Government may suspend ties with NUS amid ‘deep concern over antisemitism’

Election of pro-Palestinian activist Shaima Dallali has also prompted Universities Minister to consider referring the student body to the Charity Commission


By Kirsty BuchananThe government is considering referring the National Union of Students to the Charity Commission or suspending engagement with the organisation amid mounting concerns about the pro-Palestinian activism of its president-elect. Universities Minister Michelle Donelan said she was “actively considering” the move and that she was “deeply concerned by antisemitism within the NUS, including the remarks of the new President”.  The election of Shaima Dallali provoked an outcry from Jewish students after a string of deleted social media posts emerged in which she attacked leading Jewish organisations, branded one critic of Hamas a “dirty Zionist” and hailed antisemitic cleric Yusuf al-Qaradawi the “moral compass for the Muslim community”.   

The furore followed anger over comments by current NUS President Larissa Kennedy, who suggested Jewish students should segregate themselves to avoid a planned performance by anti-Zionist rapper Lowkey at an NUS conference.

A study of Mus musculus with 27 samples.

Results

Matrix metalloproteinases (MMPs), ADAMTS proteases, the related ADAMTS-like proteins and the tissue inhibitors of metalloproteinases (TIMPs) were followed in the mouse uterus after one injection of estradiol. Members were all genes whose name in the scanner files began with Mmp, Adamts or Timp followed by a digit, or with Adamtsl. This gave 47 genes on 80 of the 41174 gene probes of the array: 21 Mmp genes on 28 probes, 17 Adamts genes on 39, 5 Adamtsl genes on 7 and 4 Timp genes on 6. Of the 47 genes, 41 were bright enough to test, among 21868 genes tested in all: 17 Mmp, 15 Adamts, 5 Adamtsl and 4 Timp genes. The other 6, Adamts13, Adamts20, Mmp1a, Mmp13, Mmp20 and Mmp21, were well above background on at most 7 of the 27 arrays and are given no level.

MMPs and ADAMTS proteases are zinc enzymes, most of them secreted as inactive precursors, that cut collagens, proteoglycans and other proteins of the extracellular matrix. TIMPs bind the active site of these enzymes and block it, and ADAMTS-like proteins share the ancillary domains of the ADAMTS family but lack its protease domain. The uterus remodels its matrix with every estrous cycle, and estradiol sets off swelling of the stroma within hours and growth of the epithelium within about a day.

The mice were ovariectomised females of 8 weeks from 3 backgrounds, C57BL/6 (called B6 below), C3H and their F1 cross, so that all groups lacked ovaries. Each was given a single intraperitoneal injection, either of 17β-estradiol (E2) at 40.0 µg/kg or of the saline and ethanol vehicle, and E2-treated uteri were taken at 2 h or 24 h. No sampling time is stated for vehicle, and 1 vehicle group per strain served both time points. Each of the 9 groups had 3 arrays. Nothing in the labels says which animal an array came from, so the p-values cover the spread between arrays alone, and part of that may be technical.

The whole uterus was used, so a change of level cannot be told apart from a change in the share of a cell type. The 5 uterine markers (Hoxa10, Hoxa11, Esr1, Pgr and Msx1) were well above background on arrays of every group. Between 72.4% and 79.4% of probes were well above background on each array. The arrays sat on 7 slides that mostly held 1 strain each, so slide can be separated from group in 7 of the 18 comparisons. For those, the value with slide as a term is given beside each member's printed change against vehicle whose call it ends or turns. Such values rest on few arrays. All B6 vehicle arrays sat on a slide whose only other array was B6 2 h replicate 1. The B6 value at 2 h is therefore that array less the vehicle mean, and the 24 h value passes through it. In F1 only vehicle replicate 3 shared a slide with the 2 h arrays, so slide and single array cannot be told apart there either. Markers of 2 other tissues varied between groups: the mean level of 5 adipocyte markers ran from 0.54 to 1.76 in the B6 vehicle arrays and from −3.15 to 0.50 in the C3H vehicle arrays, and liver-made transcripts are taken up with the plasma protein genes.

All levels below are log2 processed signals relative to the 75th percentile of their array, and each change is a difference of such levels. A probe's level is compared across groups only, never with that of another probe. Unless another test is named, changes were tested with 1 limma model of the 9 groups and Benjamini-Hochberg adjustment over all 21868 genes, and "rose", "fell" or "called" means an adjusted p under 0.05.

Ms Donelan said: “I am actively considering a range of possible measures, including reporting the NUS to the Charity Commission and full suspension from all engagement with Government – to be replaced by alternative student voices – unless they take immediate steps to regain the confidence of Jewish students.” Ms Dallali has apologised for one post and said she would meet Jewish students with “outstretched” arms and would “listen to concerns on how we can make our movement inclusive and open to all”. 

However two days after extending the olive branch, Ms Dallai re-tweeted posts which attacked her critics and claimed she was the victim of “a clear example of racist gendered Islamophobia”.  

The NUS has confirmed it would launch an investigation into Ms Dallali’s social media posts. A spokesman said: “Now that we are outside of the election process, the responsibility to look into these concerns lies ultimately with the NUS Board. NUS takes all allegations of antisemitism extremely seriously and if we find that action needs to be taken we won’t hesitate to take it, as we have previously.”